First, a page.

In a partially-released interview with Marie Claire, Zooey Deschanel reveals that she was bullied as a young girl. She says she had no idea why, but her response was to spend the next year adjusting her personality and losing 30 pounds (which is quite a lot for a 12-year-old). The story is dramatized by editors, to be sure, but this isn’t the first time she’s issued comments on her weight in a magazine while staying noticeably mum when it comes to the real take-aways about body image or health. Which makes me wonder: Is she just using weight as part of her polarizing schtick?
Deschanel’s interview will be printed in the May issue of Marie Claire (coming out later this month); most of what they’ve released online is just an intro (in which she admits that she “doesn’t do well with direct questions”), but they do offer a little story from her past:
At 12 she was “chubby,” which made her a target of bullies. “I was ridiculed,” she says. The low point came when a mean girl spit in her face. “I really don’t know why she spit at me,” Deschanel says. “I just talked to her. I guess I wasn’t allowed to talk to her. I remember I couldn’t believe it.”
The moment was searing, scarring, but ultimately transformative. It inspired Deschanel to reimagine herself, and over the next year, she carefully, painstakingly recast her persona, becoming more open, more empathic, less “stubborn.”
She also shed 30 pounds.
“All of a sudden,” she says, “everybody treated me differently.”
There’s a tinge of pain in her voice as she describes the metamorphosis. The new girl sounds like an old soul. There’s also a touch of triumph when she mentions the popular kids who once ruled her world. “I don’t even know where they are now.”
Deschanel alluded to the same stories in the February issue of Allure (“Girls [would] spit in my face,” she said of her high school days. “People were so mean to me, I’d cry every day.”) and she also discussed her weight in similarly vague terms: “Some people around me, they’re like 89 pounds,” she says. “I’m not going to say I’m a big girl. I’m a very small person, but I’m a healthy weight. That might be a little weird for Hollywood.”
The stories at once invoke sympathy and align Deschanel with some of the hottest topics of the last year (which is probably why nearly every female celebrity seems to be coming out with stories of when they were bullied or fat). But they also feed into her oddball schtick, which either makes her seem weak and self-deprecating or funny and relatable, depending on who you talk to.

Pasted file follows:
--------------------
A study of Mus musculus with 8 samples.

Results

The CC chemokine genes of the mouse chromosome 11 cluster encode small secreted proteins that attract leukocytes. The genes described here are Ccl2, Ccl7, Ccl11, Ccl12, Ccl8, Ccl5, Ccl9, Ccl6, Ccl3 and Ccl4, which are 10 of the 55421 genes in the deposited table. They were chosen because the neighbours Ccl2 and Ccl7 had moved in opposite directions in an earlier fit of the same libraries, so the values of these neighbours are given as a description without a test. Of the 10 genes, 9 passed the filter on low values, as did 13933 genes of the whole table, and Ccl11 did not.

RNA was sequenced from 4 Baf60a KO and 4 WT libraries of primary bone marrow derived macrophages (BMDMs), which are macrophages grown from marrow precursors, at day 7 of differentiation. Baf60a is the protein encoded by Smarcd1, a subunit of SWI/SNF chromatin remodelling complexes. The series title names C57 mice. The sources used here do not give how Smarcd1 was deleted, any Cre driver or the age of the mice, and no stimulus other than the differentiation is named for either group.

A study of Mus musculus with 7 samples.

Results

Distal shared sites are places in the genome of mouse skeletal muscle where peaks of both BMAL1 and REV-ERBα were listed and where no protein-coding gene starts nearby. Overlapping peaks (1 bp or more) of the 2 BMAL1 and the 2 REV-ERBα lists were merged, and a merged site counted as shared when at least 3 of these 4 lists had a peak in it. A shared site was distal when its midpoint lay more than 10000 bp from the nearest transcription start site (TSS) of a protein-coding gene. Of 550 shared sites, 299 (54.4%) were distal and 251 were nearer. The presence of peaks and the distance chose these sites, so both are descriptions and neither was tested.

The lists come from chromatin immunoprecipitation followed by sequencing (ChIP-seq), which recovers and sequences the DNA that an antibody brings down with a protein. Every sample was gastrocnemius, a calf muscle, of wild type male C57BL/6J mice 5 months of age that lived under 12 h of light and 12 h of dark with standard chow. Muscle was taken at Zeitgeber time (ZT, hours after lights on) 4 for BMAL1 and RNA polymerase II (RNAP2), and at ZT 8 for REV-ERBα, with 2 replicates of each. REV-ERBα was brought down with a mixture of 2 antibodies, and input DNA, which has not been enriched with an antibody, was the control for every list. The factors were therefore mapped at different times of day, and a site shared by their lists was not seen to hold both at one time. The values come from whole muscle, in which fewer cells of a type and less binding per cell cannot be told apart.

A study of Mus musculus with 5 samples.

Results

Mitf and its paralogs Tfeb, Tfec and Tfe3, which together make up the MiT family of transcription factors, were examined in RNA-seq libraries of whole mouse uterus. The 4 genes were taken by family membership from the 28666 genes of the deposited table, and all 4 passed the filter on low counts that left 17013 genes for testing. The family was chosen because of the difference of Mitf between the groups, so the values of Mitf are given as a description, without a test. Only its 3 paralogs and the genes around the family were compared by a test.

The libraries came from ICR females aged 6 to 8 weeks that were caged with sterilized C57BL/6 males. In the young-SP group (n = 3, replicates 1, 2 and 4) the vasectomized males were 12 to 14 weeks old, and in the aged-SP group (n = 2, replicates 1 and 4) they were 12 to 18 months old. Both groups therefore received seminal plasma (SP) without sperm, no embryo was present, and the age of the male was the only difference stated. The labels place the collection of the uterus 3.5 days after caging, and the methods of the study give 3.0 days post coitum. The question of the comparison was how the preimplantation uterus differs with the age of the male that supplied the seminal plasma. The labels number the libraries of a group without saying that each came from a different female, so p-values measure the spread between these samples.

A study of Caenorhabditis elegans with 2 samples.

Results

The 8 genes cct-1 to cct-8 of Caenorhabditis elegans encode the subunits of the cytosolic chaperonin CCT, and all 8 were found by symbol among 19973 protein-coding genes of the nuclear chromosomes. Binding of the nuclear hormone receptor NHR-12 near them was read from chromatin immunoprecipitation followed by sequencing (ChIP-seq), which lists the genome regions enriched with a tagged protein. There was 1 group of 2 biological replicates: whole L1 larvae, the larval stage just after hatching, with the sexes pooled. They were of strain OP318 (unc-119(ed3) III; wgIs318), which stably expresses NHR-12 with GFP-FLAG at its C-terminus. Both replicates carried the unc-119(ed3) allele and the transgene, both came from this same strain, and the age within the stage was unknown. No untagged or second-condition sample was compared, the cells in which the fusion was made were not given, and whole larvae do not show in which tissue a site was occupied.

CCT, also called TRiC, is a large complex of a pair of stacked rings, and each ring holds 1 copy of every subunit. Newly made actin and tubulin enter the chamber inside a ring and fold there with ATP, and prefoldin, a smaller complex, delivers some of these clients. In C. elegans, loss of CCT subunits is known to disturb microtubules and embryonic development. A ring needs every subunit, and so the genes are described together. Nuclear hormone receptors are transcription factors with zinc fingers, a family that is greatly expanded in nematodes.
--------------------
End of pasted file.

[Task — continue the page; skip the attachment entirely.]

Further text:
But what actually bothers me the most is how her comments about weight that are neither here nor there: Deschanel is smart to protect herself from open criticism of her body—or body negativity—by staying safely ambiguous. But if you’re not really saying anything, then why say anything? Because she (and her publicists) know that the subject is bound to get her press.
Now, there’s been a lot of debate on this site over whether celebs deserve criticism for talking about their body image and weight, and many of you feel that they don’t. But even if you believe that it’s great to get real about insecurities and unhealthy habits (because not every female celebrity can or should be an ideal role model in the realm of body image and health), Deschanel’s comments are disappointing. That’s because she’s not “getting real” about anything: Thus far, she’s mostly uttered contrived, intentionally unclear statements that beg for audience sympathy (because she used to be fat, and even now she’s not quite as thin as other women in Hollywood), without taking a real stand on weight, body image or even health.
The onus isn’t on Deschanel to talk about body image issues (or have them in the first place); she could easily shrug off the subject (as she adroitly managed when the subject of her divorce came up in the same Marie Claire interview). But talking about being fat (or “chubby,” or having a “weird” body) without offering any real take-aways about body image, self-esteem, or health doesn’t deserve anyone’s applause; there are enough actresses in Hollywood using their bodies as their schtick.